In the early part of the last century, auto racing was one of the most popular spectator sports in the country. Star racing drivers earned big money in the pursuit of speed while becoming the idols of millions. The specially built racing cars they piloted were well beyond the financial means of the average man and only the well-heeled owner or a driver who had a generous sponsor was able to run the best racing hardware available at the time.
The inexpensive and durable Model “T” Ford leveled the playing field for thousands of young, daring, skillful and hard-working people and allowed them to successfully enter the speed game. One could be bought with limited funds as a used car or built up from spare parts and turned into a high performance machine with some hard work and determination.
Many of the first attempts involved milling down the stock Ford cylinder head by around 1/8 inch or so for higher compression. This was often followed with machining of the intake and exhaust ports, fitting larger valves and installing a “high speed” camshaft. Additional improvements included replacing the stock Ford ignition system with a high tension magneto, under-slinging the springs in order to lower the chassis, intake and exhaust manifold changes and substitution of a larger carburetor.
The very first of the overhead-valve conversion cylinder head appears to have been an 8-valve set-up advertised for sale by C.D. Noonan of Paris, Illinois at some point before 1917, as reported back in the then by Murray Fahnestock, Technical Editor of the Fordowner magazine. We were unable to find any other information about this head after a long search except for ad (above) in the Motor Age from March 29, 1917 by a D.R. Noonan, a manufacturer of racing camshafts and racing engine mechanic. We also discovered that he had been an Oldsmobile dealer in 1916. Ads placed by him after 1917 list only cylinder regrinding as his specialty and no longer describe camshaft manufacture or racing engine work.
W.L. Hunt of Indianapolis, Indiana, appears to have come out with the second racing cylinder head to be offered for the Ford. He used many ideas that had previously been proven in the racing arena by other builders that used overhead cams. The first of his SOHC 16-valve heads was introduced early in 1917 as a Peugeot Type racing head For Fords. The earliest ad that we found offering this head (below left) was in the February 15, 1917 issue of Motor Age.
- 1917 Ad for the Hunt Head – First version of the Hunt Head – Second Version called the Craig-Hunt, still chain driven but featured an enclosed camshaft.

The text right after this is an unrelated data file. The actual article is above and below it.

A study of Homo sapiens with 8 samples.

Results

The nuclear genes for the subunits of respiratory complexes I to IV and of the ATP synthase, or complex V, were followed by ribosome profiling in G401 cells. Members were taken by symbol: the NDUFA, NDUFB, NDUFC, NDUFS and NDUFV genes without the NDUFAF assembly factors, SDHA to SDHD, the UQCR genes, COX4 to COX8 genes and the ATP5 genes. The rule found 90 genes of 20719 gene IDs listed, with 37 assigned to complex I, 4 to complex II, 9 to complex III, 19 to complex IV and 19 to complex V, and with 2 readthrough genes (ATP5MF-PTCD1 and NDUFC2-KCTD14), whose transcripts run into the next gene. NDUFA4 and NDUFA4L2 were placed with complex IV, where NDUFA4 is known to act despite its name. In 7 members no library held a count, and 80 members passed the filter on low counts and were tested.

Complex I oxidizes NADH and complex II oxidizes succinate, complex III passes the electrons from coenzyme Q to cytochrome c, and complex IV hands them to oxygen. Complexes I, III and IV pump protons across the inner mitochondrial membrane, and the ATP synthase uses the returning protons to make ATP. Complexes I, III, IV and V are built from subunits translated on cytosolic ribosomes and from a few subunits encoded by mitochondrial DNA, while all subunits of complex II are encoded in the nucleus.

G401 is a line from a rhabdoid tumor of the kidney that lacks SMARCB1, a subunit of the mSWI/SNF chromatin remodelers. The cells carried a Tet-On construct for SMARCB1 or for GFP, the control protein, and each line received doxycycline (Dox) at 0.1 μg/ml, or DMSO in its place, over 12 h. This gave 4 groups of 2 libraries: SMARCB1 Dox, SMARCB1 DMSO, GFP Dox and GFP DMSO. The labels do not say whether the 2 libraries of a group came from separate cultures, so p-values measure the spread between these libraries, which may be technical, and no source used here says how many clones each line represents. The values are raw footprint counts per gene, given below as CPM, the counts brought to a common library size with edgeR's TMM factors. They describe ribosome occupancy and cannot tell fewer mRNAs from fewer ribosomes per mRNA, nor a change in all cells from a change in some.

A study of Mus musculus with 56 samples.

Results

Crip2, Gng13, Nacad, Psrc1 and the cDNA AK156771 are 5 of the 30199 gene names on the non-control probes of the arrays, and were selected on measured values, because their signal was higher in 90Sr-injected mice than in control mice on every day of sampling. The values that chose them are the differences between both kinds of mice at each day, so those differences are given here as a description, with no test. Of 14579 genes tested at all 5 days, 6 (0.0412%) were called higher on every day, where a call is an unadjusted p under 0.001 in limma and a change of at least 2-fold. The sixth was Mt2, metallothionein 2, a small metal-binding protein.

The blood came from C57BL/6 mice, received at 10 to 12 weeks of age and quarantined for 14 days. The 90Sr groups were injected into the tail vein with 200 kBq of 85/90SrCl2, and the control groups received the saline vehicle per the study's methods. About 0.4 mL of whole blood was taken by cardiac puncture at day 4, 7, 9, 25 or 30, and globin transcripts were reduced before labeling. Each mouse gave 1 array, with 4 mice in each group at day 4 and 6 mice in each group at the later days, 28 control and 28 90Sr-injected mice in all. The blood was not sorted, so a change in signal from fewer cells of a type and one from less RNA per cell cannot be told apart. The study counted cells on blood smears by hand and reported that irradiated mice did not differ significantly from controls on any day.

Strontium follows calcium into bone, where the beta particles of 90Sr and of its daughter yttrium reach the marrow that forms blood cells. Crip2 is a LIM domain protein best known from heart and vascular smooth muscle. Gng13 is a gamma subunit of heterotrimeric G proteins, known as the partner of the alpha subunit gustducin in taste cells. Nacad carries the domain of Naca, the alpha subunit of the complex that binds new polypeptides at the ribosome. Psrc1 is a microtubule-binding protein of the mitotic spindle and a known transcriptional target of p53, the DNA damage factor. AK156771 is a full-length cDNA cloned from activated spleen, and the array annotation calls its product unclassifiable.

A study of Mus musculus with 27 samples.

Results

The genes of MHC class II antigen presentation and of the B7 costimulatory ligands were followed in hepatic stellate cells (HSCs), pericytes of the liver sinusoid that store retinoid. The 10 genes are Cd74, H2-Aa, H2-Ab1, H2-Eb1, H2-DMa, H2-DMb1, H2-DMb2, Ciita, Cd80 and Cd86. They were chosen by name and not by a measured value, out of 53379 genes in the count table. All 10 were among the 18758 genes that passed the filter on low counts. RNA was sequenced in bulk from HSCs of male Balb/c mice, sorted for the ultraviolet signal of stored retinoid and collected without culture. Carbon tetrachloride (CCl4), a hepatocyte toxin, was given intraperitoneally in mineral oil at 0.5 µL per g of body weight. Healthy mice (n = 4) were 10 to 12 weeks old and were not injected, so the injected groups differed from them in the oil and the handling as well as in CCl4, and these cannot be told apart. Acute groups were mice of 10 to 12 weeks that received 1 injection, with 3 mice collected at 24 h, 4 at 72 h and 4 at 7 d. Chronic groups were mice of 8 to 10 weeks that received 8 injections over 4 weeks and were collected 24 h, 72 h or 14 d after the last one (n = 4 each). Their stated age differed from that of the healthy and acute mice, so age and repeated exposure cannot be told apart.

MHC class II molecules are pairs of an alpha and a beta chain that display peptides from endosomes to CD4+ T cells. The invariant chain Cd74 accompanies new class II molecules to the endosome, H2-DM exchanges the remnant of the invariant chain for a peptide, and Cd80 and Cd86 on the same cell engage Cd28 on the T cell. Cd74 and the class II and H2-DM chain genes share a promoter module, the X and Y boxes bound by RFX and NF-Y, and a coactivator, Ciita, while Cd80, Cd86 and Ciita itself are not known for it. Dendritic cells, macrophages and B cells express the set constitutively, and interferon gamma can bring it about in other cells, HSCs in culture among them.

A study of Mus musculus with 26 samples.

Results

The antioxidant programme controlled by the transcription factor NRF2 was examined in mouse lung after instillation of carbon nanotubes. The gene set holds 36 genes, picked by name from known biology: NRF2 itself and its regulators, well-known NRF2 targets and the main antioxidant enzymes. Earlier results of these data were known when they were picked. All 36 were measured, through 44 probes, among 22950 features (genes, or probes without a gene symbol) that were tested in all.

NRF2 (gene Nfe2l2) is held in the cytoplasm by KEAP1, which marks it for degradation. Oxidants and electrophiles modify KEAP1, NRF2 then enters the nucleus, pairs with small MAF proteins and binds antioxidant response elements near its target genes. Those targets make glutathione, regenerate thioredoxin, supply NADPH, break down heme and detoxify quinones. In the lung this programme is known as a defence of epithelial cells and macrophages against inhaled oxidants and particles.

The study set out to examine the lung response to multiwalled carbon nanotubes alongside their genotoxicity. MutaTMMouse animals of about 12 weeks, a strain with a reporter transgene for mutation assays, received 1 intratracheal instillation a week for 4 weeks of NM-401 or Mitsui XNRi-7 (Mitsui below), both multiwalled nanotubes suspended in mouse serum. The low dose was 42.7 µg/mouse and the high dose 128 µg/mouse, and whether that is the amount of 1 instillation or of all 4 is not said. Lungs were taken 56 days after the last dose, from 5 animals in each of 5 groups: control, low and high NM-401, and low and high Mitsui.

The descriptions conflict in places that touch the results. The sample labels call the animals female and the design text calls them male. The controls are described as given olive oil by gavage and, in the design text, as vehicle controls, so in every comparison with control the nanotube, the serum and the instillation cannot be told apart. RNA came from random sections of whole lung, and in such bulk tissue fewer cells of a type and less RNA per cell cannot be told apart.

The first version of the W.L. Hunt 16-valve head utilized a camshaft driven directly by a single roller chain from a sprocket mounted on the front of the crankshaft. The built-up cam was delivered with the cam lobes not attached to the shaft and it was left to the engine builder to determine what valve timing to use by assembling it and pinning the lobes to the shaft in the desired position. It was supported on plain bearings with no provision for oiling other than manually. Valves were 1.5-inch diameter inclined at a 20 degree angle in a small combustion chamber and featured two spark plugs. The compression ratio described in period references was about 5 to 1.
The second version of the head, called the Craig-Hunt, was updated with a fully assembled camshaft enclosed in a three part aluminum housing for better protection and oiling. The cam now ran in ball bearings with improved rocker arms that featured roller followers. The lobes themselves dipped into oil in the bottom half of the housing to assure “perfect and continual lubrication.”
The third and final development can be seen in the top photo at the beginning of our post. This refined version featured a vertical shaft-drive utilizing bevel gears at the top and bottom along with a special aluminum cover. A centrifugal water pump, arranged off to the side of this shaft, was also driven by bevel gears and a gear-driven high-tension Eiseman magneto provided the spark.
- Ford racing car built by Bill Hunt of Speedway Engineering. This car was capable of 85 m.p.h. and won eleven firsts out of fourteen starts.
By 1920 the Hunt 16-valve head and the rest of the line of speed equipment was now handled by Speedway Engineering, another enterprise located in Indianapolis. The photo (above) shows Bill Hunt himself in his racing car. Below, you can read a very interesting article from the Motor Age of December 16, 1920 that gives an overview of it’s construction and success during the racing season. To be continued with coverage of early Roof, Rajo and Frontenac cylinder heads and equipment in Part II.